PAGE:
A letter, signed by over 800 scientists and published in Nature called for an end to using p-values to decide whether data refutes or supports a scientific hypothesis. The letter has received widespread coverage and reignited an old debate.

Most of the objections to p-values or the p < 0.05 threshold in these articles can be summarized into two categories:

- Objections that would apply to any method resulting in a yes/no decision
- Objections that would apply to any method with yes/no decisions that might be wrong

Banning p-values or “p < 0.05” thresholds wouldn’t address these objections. We will still have to make decisions, we can’t just report a Bayes factor (or a p-value) and refuse to decide whether a drug trial should continue or not. So our decisions will still sometimes be wrong, and in both directions.

The last kind of objection is more sensible–though less often the focal point of this debate–and I would summarize it as:

- Statistical significance is not sufficient for practical significance, we need to know something about the effect size.

I more or less agree with this, but it is not an objection to using p-values or p < 0.05, it’s an objection to *misusing* them or *using them in isolation*.

And any method can be misused! A scientist could do many tests and only report the significant results, or they could compute many effect size estimates or Bayes factors and only report the largest ones.

I think there are two underlying problems that the p-value debate is mostly a distraction from: the rote, uncritical application of any kind of statistical method (because, as Jack Schwartz put it, “… the simple-mindedness … to dress scientific brilliancies and scientific absurdities alike in the impressive uniform of formulae and theorems. Unfortunately however, an absurdity in uniform is far more persuasive than an absurdity unclad.”), and the incentive structure of scientific publication.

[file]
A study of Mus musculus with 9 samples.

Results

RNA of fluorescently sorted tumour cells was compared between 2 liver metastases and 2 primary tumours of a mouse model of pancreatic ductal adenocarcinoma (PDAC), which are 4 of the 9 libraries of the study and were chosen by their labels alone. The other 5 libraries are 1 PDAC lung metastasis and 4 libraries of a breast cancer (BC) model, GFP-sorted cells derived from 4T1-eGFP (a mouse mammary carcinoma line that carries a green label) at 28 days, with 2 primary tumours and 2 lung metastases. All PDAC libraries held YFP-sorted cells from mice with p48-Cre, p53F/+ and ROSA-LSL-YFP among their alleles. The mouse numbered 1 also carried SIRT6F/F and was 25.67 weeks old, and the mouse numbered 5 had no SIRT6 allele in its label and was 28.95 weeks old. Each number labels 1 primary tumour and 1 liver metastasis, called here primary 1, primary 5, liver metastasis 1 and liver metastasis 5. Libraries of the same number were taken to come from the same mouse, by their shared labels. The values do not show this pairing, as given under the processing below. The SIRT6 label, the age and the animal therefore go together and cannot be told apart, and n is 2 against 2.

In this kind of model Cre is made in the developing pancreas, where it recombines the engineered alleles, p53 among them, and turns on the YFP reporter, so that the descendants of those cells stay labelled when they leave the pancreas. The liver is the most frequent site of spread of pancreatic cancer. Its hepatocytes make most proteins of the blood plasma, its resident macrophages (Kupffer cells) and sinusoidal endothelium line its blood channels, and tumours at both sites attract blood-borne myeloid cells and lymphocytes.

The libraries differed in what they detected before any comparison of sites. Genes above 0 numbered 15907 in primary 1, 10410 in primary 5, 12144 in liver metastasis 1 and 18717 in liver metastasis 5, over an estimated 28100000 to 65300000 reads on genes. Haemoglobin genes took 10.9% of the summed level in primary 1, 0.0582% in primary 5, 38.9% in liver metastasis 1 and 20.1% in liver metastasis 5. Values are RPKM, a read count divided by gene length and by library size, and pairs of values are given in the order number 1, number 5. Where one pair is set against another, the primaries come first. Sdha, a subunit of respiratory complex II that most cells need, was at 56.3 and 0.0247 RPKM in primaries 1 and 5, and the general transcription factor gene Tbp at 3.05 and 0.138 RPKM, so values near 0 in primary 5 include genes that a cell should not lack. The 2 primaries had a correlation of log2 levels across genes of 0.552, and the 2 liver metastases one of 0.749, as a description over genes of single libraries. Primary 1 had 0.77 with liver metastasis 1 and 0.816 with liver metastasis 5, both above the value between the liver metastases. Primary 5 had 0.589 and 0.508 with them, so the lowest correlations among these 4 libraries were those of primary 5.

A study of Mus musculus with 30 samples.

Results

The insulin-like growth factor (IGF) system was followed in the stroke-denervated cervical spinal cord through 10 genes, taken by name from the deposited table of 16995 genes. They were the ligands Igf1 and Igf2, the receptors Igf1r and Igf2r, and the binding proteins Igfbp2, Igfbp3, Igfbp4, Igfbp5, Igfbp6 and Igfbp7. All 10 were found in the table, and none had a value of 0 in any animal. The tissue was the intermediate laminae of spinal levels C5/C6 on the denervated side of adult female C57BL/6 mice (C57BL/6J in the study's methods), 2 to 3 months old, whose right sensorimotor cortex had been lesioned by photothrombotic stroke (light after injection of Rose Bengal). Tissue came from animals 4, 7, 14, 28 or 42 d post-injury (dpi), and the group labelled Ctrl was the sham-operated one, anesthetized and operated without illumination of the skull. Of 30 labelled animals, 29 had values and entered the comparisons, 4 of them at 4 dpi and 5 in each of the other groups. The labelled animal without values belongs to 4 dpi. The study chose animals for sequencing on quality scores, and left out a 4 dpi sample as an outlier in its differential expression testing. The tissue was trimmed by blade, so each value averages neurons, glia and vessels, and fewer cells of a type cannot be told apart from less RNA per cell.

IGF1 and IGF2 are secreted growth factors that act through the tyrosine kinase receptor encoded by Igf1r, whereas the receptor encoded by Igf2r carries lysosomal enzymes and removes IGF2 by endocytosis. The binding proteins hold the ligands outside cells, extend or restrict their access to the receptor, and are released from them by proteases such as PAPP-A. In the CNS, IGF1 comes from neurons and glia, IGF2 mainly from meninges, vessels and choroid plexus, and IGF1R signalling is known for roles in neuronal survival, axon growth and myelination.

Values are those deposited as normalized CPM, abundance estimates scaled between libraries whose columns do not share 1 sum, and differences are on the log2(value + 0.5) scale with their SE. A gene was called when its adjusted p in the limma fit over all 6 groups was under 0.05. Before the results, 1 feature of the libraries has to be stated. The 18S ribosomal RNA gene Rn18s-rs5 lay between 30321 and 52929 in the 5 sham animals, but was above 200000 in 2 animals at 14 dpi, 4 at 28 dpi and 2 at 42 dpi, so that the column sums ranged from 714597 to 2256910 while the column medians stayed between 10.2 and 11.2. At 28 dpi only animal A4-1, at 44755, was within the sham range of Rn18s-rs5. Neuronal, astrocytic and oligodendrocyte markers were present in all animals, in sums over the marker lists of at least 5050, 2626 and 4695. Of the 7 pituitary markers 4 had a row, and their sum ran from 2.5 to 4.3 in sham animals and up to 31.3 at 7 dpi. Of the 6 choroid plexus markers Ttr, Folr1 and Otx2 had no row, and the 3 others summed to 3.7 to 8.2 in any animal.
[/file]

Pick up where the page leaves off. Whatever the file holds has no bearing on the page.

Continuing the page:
From Why most published research findings are false (Ioannidis):

- Corollary 4: The greater the flexibility in designs, definitions, outcomes, and analytical modes in a scientific field, the less likely the research findings are to be true.
- Corollary 5: The greater the financial and other interests and prejudices in a scientific field, the less likely the research findings are to be true.
- Corollary 6: The hotter a scientific field (with more scientific teams involved), the less likely the research findings are to be true.

Lastly, it’s unfortunate but amusing that the Herald article mentioned many people misunderstand p-values, and the New Yorker article had this correction: “An earlier version of this article incorrectly defined p-value.”

I sympathize with researchers who have done good work but can’t get it published because the result isn’t “significant.” This is a problem with publication standards, not statistical methods. It should be normal to publish negative or unimpressive results, otherwise the literature has little to teach us about what *doesn’t* work.

It’s also a resource issue. Collecting data is costly. There are many barriers to research other than arbitrary publication standards involving p-values, including many other arbitrary publication standards. While discontent has been focused on p-values, we may find ourselves suddenly facing *de facto* expectations of applying (often unnecessary) “artificial intelligence” to massive datasets in order to be published.

No particular statistical methodology is the cause or solution of these issues. (More and better statistics education is necessary!)